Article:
Getting More Business from Existing Customers : Part I

The best way to boost revenues for your startup is to optimize your relationship with existing customers. In the second part of our article, we discuss ways to better understand one of your key startup business assets

True, going after new customers is an exciting part of being in
business. There’s the motivation of identifying a new target, the
thrill of the chase, and the satisfaction of the close.

But
the reality is that your startup business likely will get more mileage
out of optimizing your relationships with existing customers – even if
there are just a few of them – than from using those same resources of
time and money looking for potential new customers.

“The
conventional wisdom says that it costs six times more for a business to
acquire a new customer than it does to sell something else to an
existing customer,” says Chet Holmes, a California-based sales
consultant. “I’d say it might even cost more than that.”

The
first step in turning existing customers into more revenue and higher
profit-generators is getting to know them better. In the first part of
a two-part article, we provide advice for expanding your understanding
of the customers you thought you already knew.

Really get to know your customers

The
way to most effectively cross-sell and up-sell existing customers is to
convince them that you can improve their results because you know them
intimately. This means you have to get to know your customers as well
as you know your own company.

“Listen to what they say
and don’t say,” says Erika Oliver, a business trainer and author in
Kalamazoo, Mich. “Become well versed in the challenges and
opportunities in their business. Interact with them in their space, such as at their company and at community events where they’re involved.”

Lower-level
people in a business can be invaluable sources of information about
influencing purchases and other decisions made at higher levels. And
the amount of information online, especially about large corporations,
is mind-boggling.

Use your knowledge to set the hook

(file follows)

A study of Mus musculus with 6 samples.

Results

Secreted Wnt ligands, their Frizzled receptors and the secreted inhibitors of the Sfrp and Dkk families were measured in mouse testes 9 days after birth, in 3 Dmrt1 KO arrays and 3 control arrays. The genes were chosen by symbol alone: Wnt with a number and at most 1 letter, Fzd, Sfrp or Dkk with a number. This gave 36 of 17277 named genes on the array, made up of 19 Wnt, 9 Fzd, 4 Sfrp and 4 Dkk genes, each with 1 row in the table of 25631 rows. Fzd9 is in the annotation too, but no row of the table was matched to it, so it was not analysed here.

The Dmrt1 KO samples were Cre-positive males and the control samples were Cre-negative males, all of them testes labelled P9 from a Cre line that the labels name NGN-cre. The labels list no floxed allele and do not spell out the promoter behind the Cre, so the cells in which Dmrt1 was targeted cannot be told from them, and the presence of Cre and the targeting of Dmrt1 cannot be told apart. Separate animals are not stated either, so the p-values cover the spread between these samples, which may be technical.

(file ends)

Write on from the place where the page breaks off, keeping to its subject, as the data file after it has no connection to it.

Revisit
all the data you have about your existing customers so you can figure
out how to more closely cater to their needs; if you haven’t been
collecting information on them in every way possible, start now. That
allows you to hone your sales efforts in a way that’s custom-designed
for them.

“Spend time thinking about how your offerings
can be leveraged to drive their results, revenue, more efficient
processes, and to attract and retain talent,” says Karla Robertson, a
business coach and consultant based in Howell, N.J. “Ask others about
how they see your company so you don’t get into a rut.”

By
knowing both your business and your existing customers better, you’ll
be able to accurately aim business-extending offers to them through
e-mail and snail mail. You’ll know whom to see and where to go within
their organization for useful influence and without stepping on toes.

This
way, you won’t have to throw a lot of guesswork or advertising dollars
into unfocused stabs at pleasing your customers. You’ll already know
how to please them!

Distinguish among your customers

Not
every existing customer is a good customer. It’s important for you to
be able to tell the difference so you can really focus on the best ones.

Core
customers typically comprise 20 percent of a company’s base but provide
80 percent of profits, says Robert Gordman, a management consultant and
author of The Must-Have Customer: 7 Steps to Winning the Customer You Haven’t Got.

“It’s
important to know who your profitable customers are,” he says. “Once
you know who’s profitable, you can find out why they’re doing business
with you. Then you can start extending the relationship with them based
on why you’re currently successful with them.”

Our Bottom Line

If
you’ve already satisfied a customer once, the likelihood is that you’ll
be able to satisfy them again. And by focusing on understanding
existing customers so you can serve them better, you’ll be building
your startup business in the most cost-effective way possible.